ATLANTA — ATLANTA—It is Hispanic Heritage Month, a celebration that is unique in the way it begins and ends.
The calendar is splattered with holidays and months dedicated to honoring and remembering. February is Black History Month. October is the month dedicated to Breast Cancer Awareness. July is National Ice Cream Month.
Typically, these celebrations last from the first day of the month to the last.
Hispanic Heritage Month is an exception. It begins in the middle of September and ends in mid-October.
Initially, it was Hispanic Heritage Week, a time set aside to celebrate the Hispanic culture and the accomplishments of people like Supreme Court Justice Sonya Sotomayor and former Surgeon General Dr. Antonia Novello.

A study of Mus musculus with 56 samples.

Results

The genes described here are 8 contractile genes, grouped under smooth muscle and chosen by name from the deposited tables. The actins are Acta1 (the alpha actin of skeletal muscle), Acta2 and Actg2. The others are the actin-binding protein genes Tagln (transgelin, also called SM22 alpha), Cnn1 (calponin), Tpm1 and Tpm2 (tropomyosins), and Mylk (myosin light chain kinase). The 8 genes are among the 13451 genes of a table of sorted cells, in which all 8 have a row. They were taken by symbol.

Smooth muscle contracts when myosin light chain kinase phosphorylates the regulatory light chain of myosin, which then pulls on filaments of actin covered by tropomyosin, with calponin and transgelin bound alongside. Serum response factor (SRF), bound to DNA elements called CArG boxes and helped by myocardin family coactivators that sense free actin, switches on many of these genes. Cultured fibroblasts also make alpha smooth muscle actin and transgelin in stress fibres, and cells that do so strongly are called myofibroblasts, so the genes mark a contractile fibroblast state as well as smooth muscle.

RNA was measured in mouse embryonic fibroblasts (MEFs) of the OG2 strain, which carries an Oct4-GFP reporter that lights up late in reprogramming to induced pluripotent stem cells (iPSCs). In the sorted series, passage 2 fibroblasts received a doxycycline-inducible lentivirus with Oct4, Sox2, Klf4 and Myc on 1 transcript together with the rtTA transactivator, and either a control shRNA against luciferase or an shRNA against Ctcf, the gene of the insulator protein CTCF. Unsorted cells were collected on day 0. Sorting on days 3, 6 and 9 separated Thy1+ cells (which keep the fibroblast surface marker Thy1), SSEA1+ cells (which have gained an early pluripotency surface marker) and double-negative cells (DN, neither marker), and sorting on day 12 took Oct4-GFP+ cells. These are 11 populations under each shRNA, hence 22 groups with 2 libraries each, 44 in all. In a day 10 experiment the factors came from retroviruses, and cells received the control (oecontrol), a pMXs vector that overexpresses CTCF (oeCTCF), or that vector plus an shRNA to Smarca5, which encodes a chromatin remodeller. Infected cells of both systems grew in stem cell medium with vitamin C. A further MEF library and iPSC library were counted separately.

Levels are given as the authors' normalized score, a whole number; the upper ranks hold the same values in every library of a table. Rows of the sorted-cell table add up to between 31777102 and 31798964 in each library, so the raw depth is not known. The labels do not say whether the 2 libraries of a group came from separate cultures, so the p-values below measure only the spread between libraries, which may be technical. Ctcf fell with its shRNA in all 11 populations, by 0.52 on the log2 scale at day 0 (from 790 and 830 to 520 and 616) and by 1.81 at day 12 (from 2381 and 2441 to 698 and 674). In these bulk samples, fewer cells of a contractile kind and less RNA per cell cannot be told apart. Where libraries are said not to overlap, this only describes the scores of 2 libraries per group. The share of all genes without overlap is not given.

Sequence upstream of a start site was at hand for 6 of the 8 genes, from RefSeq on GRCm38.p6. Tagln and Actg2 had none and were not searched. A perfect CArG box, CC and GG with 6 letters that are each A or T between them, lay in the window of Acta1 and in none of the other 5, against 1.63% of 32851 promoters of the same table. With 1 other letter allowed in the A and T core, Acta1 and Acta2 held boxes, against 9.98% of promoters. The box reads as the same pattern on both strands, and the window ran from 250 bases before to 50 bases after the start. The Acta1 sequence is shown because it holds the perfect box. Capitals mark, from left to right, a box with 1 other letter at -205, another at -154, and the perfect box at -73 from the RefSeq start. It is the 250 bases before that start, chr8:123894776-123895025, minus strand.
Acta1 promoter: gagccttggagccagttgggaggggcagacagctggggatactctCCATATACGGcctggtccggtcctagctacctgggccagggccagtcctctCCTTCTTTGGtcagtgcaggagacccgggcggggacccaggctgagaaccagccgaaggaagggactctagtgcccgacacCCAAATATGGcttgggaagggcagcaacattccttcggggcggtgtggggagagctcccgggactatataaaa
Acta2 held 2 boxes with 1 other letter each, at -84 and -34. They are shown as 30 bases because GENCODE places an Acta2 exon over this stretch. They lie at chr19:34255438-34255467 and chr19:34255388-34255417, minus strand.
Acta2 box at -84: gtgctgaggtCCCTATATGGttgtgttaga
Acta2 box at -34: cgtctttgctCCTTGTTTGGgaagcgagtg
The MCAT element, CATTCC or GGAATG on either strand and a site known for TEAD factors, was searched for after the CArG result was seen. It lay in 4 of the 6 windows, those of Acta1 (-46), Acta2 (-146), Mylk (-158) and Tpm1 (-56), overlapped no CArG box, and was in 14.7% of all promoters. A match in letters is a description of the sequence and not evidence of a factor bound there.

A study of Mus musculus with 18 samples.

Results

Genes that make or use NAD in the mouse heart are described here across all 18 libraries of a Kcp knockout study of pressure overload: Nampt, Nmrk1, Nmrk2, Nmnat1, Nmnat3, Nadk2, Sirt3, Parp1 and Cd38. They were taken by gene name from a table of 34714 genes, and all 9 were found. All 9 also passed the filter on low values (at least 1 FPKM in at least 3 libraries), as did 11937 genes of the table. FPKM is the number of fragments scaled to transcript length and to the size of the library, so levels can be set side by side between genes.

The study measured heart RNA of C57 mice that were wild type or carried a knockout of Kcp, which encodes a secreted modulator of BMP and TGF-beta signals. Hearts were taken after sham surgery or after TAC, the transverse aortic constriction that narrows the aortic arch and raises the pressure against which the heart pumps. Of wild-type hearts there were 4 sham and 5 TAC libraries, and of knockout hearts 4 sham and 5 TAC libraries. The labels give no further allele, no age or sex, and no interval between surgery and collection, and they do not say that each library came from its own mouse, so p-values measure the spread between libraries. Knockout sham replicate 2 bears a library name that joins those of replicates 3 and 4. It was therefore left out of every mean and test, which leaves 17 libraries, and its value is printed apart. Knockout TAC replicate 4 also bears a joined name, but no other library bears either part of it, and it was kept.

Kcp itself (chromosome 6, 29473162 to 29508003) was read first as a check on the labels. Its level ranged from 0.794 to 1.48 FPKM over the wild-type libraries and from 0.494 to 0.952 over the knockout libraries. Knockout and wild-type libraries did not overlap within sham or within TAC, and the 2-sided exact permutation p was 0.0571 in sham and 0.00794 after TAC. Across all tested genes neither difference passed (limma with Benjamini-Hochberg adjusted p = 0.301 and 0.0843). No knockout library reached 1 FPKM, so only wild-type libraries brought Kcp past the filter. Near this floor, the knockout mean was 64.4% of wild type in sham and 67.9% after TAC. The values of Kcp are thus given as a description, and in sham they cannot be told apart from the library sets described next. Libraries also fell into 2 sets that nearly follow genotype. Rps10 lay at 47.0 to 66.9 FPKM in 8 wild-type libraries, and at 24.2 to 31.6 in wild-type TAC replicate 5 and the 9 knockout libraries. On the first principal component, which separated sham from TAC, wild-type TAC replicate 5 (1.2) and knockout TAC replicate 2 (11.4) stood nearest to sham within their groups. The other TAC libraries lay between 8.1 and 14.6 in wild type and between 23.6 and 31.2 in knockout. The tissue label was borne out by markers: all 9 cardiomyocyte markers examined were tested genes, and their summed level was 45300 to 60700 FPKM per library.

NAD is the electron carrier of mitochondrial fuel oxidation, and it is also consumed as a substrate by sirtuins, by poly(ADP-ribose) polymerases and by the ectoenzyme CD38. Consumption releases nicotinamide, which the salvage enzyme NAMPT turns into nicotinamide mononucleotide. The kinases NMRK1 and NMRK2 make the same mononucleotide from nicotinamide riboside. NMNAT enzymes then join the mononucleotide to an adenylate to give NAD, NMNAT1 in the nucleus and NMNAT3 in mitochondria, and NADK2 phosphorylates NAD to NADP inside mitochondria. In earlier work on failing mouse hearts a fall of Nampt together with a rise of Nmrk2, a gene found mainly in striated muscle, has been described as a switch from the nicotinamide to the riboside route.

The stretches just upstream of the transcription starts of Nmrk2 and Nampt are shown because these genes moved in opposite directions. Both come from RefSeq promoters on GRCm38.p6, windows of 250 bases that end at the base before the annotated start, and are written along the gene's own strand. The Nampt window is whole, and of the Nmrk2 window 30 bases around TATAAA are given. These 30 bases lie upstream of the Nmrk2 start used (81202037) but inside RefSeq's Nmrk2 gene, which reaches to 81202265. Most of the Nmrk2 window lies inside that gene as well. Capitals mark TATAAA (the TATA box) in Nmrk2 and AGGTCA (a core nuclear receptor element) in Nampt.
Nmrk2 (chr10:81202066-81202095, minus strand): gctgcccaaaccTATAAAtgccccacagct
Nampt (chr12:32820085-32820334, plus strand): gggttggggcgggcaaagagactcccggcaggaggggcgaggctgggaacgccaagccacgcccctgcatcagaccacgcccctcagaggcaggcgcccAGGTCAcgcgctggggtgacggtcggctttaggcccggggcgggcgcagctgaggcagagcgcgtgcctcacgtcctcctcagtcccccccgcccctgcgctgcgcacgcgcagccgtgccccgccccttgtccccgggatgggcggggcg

In 1988, President Ronald Regan expanded the celebration to a month beginning September 15th. The date is significant because Costa Rica, El Salvador, Guatemala, Honduras, and Nicaragua celebrate their independence on September 15th, while Mexico’s Independence Day celebration follows on September 16th. The vast majority of Hispanic Americans are from Mexico and Central America. Hispanic Heritage Week always included the 15th and 16th. When it was expanded to a month, supporters decided the celebration should begin on September 15th.
Speaking in support of a month-long celebration, U.S. Representative Dale Kildee of Michigan called it an “opportunity to commemorate our nation’s diverse culture” that had been “vastly broadened and enriched by its Hispanic citizens.”